If you know me, this article is for you. If you’ve ever discovered my arrogant heart by teaching me or disagreeing with me, this is for you. In a more general sense, if you’ve ever tried to collaborate with or constructively critique another person, and they lacked the teachability or humility...
Flowers. Jewelry. Breakfast in bed. A trip to the nail salon. A sentimental card. Dinner out. Many of us have some sort of idea of how we would like to be celebrated on Mother’s Day.
We spend most of our days wiping noses, changing poopy diapers, rising at our middle-of-the-night summons, hoisting children in and out of car seats and on and off the toilet, driving the shuttle, cooking, laundering, cleaning up all kinds of messes, and putting ourselves last to make sure that the needs of our families are met.
But not Mother’s Day. Shouldn’t Mother’s Day be a day about us?
The one day of the year when we should be able to put up our feet and be served? The one day of the year when someone else should take over and pour out praise for all the thankless tasks we perform every other day of the year?
Exposing Our Selfish Hearts
It’s uncomfortable to admit, but I bring plenty of expectations to the table for this holiday. My chosen method for guarding my heart is to remind my husband several weeks in advance that Mother’s Day is coming and present him with a list of not-so-subtle “options” to ensure the day is special.
While some of them feel a little less self-serving than others, the demand for quality time isn’t any more noble than the desire for gifts or pampering. The fact that this list exists at all reveals a lot about my heart.
[Tweet “When motherhood feels like slavery, remember: Jesus gives us what we need in himself.”]
Our expectations give Mother’s Day an exposing power. While we may claim that we selflessly pour out all year, the way we approach this day reveals the desires of our hearts. Perhaps those desires are uncovered by reactions to a lack of attention or recognition or, for those of us with more type-A spouses or doting children, by our lack of humility in being honored well.
If we are honest, for many of us, Mother’s Day uncovers the true object of our worship—self. It lays bare the self-seeking motives behind the performance of our “selfless” daily tasks. It exposes the true cry of our hearts to be, “I deserve glory, honor, and praise.”
Although it is written in possessive form, Mother’s Day doesn’t belong to us any more than any other day does. Each day is the day the Lord has made, created by him and prepared in advance with good works for us to walk in (Ephesians 2:10). And what good work can we perform apart from abiding in him (John 15:5)? What title or task can we obtain for ourselves that he does not bestow? Did we become mothers by opening our own wombs, or that of our child’s birth mother?
He alone is the author and sustainer of life (Psalm 139). For any child’s life, for any task done well, God alone is worthy of all glory, honor, and praise.
Exposing Our Lack of Understanding
Christianity is a race to the bottom. Jesus teaches his followers that whoever would be great among us must be a servant, and whoever desires to be first must be a slave of all (Mark 10:43-44). This is excellent news for the days when motherhood feels like slavery. Because even Jesus himself, with his pure motives and perfect righteousness, came not to be served, but to serve.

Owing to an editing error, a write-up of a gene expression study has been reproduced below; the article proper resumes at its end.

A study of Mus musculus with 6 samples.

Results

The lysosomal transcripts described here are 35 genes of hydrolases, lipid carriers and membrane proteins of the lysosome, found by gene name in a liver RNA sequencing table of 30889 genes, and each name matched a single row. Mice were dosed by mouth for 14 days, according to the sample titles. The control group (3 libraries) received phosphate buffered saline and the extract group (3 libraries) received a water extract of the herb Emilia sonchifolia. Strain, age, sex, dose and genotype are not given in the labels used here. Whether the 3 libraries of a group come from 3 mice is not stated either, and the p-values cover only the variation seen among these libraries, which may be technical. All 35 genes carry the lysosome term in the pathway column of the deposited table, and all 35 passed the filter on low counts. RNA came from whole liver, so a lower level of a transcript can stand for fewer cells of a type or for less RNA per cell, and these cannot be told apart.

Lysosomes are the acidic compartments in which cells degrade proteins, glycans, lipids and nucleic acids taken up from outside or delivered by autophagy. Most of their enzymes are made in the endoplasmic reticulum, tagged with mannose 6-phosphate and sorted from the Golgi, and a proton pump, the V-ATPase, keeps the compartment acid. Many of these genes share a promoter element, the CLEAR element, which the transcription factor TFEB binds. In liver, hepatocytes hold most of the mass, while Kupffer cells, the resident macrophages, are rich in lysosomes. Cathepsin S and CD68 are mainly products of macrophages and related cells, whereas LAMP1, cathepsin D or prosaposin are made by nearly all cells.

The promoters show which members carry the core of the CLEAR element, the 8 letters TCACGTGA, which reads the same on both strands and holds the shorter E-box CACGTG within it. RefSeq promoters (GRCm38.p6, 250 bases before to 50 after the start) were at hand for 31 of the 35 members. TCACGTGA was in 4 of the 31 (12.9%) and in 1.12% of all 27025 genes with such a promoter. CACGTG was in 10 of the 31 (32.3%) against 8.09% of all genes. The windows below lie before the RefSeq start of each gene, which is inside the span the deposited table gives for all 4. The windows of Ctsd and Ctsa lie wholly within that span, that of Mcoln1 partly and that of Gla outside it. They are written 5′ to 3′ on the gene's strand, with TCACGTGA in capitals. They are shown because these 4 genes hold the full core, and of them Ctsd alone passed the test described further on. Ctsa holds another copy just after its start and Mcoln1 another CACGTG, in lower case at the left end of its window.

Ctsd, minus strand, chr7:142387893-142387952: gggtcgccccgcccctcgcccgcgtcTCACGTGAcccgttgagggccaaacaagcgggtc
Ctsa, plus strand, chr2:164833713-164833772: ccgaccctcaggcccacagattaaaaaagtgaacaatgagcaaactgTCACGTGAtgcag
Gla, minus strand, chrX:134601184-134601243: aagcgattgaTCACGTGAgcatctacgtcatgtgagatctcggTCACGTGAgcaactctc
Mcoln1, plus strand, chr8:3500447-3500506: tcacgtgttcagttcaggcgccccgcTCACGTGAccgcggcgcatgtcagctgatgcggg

The posture of a believer’s heart every day of the year should be, “I exist to serve. It’s my delight to tend to the needs of my children and husband. Not for their sakes, but for the sake of my faithful Savior, who is always serving me.” Joining with John the Baptist, we say, “He must increase, and I must decrease.”
If that doesn’t sound anything like the posture of your heart this Mother’s Day, be encouraged. Motherhood, and the service it necessitates, offers richly-tilled soil in which the Lord can cultivate humility.
There is so much grace available to us. Grace to save and grace to change.
Exposing Our Misplaced Hope
Moment by moment, as our hearts are revealed in our reactions, our great High Priest stands ready to intercede for us as we confess our false motives and repent of our grumbling attitudes.
More than we need flowers or jewelry, our souls need the gift of lasting peace and rest that comes from receiving that assurance of pardon (Matthew 11:28-30). More than we need to be refueled by time alone or a spa treatment, we need the same power that raised Christ Jesus from the dead (which lives within us), empowering us to serve with glad hearts for the glory of God alone (Romans 8:11). More than we need breakfast in bed or dinner out, we need to feast on the Word of God, our daily bread, which thoroughly equips us for every good work (2 Timothy 3:17).
And on the days we feel unappreciated and unseen, more than we need a card with accolades and praise from our families, we need to hear the benedictions of our Father in heaven who sees and knows all, like whom we become more and more in service and suffering, and who we will one day rejoice to hear speak, “Well done, good and faithful servant.”
May our desire to be near him and like him make us glad to serve. May we look to him alone for everything we need to carry out the tasks to which he has called us. And may the cry of our hearts this Mother’s Day, and every day, be, “You alone are worthy of all glory, honor, and praise!”